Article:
Tanzanian opposition leader Freeman Mbowe will remain in custody at the Ukonga Prison on the outskirts of Dar es Salaam, for another week after the state on Friday asked the Kisutu resident magistrate’s court in Dar es Salaam for a further postponement on grounds that formalities for transferring the case to the High Court which has proper jurisdiction to hear such cases had not been completed.
Mbowe, the chairman of opposition party Chadema is facing terrorism-related charges. Prosecutors had earlier said investigations into the allegations against Mr Mbowe and his three co-accused had been concluded thereby paving the way for a formal hearing to begin.
The case was postponed to August 13 on what the prosecution called procedural hitches. Earlier, Thursday’s one-day postponement caused by ‘’technical’’ hitches had ruined a last-minute state attempt to conduct the proceedings via video-conference rather than have the suspects physically appear in court as placard-carrying pro-Mbowe protesters gathered outside.
The case has drawn wide concerns locally and internationally on continued harassment of the opposition and is seen as the biggest litmus test so far for President Samia Suluhu’s resolve to restore Tanzania’s democratic space and political tolerance that all but disappeared during the tenure of her predecessor John Magufuli.
Friday’s postponement triggered fresh accusations against the state’s delaying tactics in the face of increasing calls for Mbowe to be treated fairly in light of the seriousness of the charges he is facing. He has been at the forefront of fresh calls for the revival of a stalled constitutional reforms process since President Samia took over.
In a formal statement issued Thursday, Amnesty International called on Tanzania to “promptly provide evidence to substantiate the charges against Mbowe, or else release him.”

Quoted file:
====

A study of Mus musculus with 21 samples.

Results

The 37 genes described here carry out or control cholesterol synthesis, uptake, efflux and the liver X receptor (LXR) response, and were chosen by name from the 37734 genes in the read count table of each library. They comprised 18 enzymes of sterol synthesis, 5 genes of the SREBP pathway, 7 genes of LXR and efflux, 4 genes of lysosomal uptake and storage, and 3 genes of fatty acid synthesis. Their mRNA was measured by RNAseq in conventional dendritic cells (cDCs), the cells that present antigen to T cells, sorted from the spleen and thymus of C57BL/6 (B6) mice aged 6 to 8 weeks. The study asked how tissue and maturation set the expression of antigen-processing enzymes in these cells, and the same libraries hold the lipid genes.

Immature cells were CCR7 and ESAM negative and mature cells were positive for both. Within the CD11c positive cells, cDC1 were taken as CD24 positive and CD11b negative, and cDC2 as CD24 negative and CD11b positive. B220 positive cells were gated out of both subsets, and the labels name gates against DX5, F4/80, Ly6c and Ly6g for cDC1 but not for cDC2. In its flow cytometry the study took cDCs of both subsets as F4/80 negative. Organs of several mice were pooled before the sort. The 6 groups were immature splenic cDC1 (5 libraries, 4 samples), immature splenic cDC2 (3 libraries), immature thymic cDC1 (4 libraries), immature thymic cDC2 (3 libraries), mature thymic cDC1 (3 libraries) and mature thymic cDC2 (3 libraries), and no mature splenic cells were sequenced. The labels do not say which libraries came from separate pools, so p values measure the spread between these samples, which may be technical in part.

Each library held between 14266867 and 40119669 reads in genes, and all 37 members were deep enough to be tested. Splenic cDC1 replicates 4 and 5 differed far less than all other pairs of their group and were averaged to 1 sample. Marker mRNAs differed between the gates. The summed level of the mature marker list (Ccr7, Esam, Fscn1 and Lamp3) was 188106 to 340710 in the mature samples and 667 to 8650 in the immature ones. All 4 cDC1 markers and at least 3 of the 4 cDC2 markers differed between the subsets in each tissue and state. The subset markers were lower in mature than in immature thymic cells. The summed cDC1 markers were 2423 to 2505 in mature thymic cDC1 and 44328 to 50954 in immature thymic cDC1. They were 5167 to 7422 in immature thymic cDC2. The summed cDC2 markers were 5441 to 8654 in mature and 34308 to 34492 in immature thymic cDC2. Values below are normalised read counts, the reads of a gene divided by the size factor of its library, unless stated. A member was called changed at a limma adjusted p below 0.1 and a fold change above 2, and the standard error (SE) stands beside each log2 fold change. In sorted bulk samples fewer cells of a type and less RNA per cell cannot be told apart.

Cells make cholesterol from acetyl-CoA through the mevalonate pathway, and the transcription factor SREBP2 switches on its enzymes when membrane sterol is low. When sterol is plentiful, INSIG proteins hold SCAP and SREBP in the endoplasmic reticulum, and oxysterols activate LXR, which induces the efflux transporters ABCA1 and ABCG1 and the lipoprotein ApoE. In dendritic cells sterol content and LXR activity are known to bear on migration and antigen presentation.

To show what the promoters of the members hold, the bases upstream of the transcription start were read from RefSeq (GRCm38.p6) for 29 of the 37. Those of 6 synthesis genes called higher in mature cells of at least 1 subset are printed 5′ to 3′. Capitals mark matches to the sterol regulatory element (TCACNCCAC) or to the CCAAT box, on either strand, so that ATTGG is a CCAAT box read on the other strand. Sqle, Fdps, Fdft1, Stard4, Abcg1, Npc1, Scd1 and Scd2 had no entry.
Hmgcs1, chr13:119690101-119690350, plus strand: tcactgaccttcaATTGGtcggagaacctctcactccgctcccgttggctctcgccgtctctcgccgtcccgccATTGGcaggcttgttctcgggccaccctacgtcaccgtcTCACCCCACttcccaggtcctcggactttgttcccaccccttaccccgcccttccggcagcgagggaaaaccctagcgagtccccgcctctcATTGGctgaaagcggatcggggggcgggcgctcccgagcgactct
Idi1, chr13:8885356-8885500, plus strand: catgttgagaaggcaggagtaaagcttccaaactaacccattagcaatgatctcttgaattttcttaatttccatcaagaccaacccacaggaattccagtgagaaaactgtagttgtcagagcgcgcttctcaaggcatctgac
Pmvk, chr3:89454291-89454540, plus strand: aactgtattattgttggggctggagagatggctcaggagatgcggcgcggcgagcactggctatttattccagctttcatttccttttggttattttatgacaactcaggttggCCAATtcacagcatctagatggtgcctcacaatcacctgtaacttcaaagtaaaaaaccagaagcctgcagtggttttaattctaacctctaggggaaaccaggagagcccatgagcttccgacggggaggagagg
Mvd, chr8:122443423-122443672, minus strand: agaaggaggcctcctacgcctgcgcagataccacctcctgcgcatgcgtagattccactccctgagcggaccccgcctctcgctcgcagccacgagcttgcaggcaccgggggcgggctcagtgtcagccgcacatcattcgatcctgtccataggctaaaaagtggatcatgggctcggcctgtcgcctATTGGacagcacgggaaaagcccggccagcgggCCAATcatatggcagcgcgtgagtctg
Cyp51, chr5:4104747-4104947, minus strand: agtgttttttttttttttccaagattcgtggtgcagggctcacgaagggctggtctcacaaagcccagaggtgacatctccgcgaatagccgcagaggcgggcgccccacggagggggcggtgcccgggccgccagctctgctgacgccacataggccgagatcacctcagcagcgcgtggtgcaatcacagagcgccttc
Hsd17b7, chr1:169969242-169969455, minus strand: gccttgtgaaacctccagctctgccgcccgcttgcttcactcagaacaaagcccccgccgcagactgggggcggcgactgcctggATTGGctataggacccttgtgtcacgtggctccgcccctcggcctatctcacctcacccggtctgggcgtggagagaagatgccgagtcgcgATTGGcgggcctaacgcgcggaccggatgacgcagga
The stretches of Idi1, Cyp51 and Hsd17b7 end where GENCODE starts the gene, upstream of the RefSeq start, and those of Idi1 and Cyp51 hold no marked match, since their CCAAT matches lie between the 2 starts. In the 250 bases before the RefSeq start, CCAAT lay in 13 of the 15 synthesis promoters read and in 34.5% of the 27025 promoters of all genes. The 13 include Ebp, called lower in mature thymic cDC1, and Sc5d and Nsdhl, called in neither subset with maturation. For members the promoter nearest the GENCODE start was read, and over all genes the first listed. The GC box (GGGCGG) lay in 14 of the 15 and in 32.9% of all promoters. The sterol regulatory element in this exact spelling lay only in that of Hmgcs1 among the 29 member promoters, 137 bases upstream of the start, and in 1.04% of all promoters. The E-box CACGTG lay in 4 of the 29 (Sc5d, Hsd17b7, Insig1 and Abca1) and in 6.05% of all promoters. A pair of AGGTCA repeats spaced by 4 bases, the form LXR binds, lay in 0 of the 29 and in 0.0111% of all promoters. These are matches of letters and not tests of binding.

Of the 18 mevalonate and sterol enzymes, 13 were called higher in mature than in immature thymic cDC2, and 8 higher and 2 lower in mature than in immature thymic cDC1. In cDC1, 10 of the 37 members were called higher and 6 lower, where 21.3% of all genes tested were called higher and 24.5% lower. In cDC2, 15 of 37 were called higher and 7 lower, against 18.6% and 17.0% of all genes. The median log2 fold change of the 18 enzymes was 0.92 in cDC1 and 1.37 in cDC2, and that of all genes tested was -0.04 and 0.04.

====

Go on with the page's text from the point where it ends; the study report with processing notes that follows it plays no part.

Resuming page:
The organisation said the continued detention of Mbowe indicated a “growing crackdown against the political opposition” under the new administration.
According to Deprose Muchena, Amnesty International’s director for East and Southern Africa, the timing of Mbowe’s arrest in Mwanza, hours before he was due to launch a fresh push for a new constitution for Tanzania, raised questions around whether or not it was “a tactic to silence critical voices.”
“This case casts doubt on whether the encouraging steps taken by the Tanzania government towards allowing greater freedom of expression and association in the country since President Samia inauguration will continue or whether repression will once again be the order of the day,” Ms Muchena said.
Speaking on Wednesday as she wound up a visit to Tanzania, US Under Secretary of State for Political Affairs Victoria Nuland said she had expressed US concerns over Mbowe’s “treatment and imprisonment” in face-to-face talks with President Samia at Ikulu in Dar es Salaam.
“I also held candid discussions with Tanzania opposition leaders on the path to a more open, democratic, and just future,” Ms Nuland said.
US ambassador to Tanzania Donald Wright tweeted on Thursday that “one of the fundamental principles of democracy is that a person accused of a crime has the right to due process and equal and transparent treatment under the law. It is important that these principles be upheld.”
Freedom of speech
Both the UK and Canadian high commissions in Dar es Salaam said they were “closely following” the case against Mbowe. The Canadian embassy said it advocated a “strong” democracy that included, among other things, “fair and transparent legal processes for all citizens” alongside freedom of speech and assembly.
Britain’s deputy high commissioner to Tanzania, Rick Shearn, said on Thursday it was “important that all citizens are treated equally and fairly in accordance with their rights before the law.”
Mbowe was arrested in a Mwanza hotel with other party supporters on July 21 as they prepared a meeting to discuss proposals for a new constitution.
His colleagues were later released, but Mbowe was moved to Dar es Salaam and arraigned in court on July 26.
He was charged with ‘Conspiracy contrary to Section 4 and 27 of the Prevention of Terrorism Act’ and ‘Violation of the Economic and Organized Crime Control Act’ in relation to terrorism financing.
Details are scanty but both offences are unbailable by Tanzanian law.
Addressing the constitutional reforms issue, Foreign Affairs Minister Liberata Mulamula said on Thursday that President Samia had told her that "she couldn’t stop US government representative Ms Nuland from meeting with opposition parties, but the government's message is that Tanzania for now is more concerned with building the economy and grappling with the coronavirus pandemic, not a new constitution."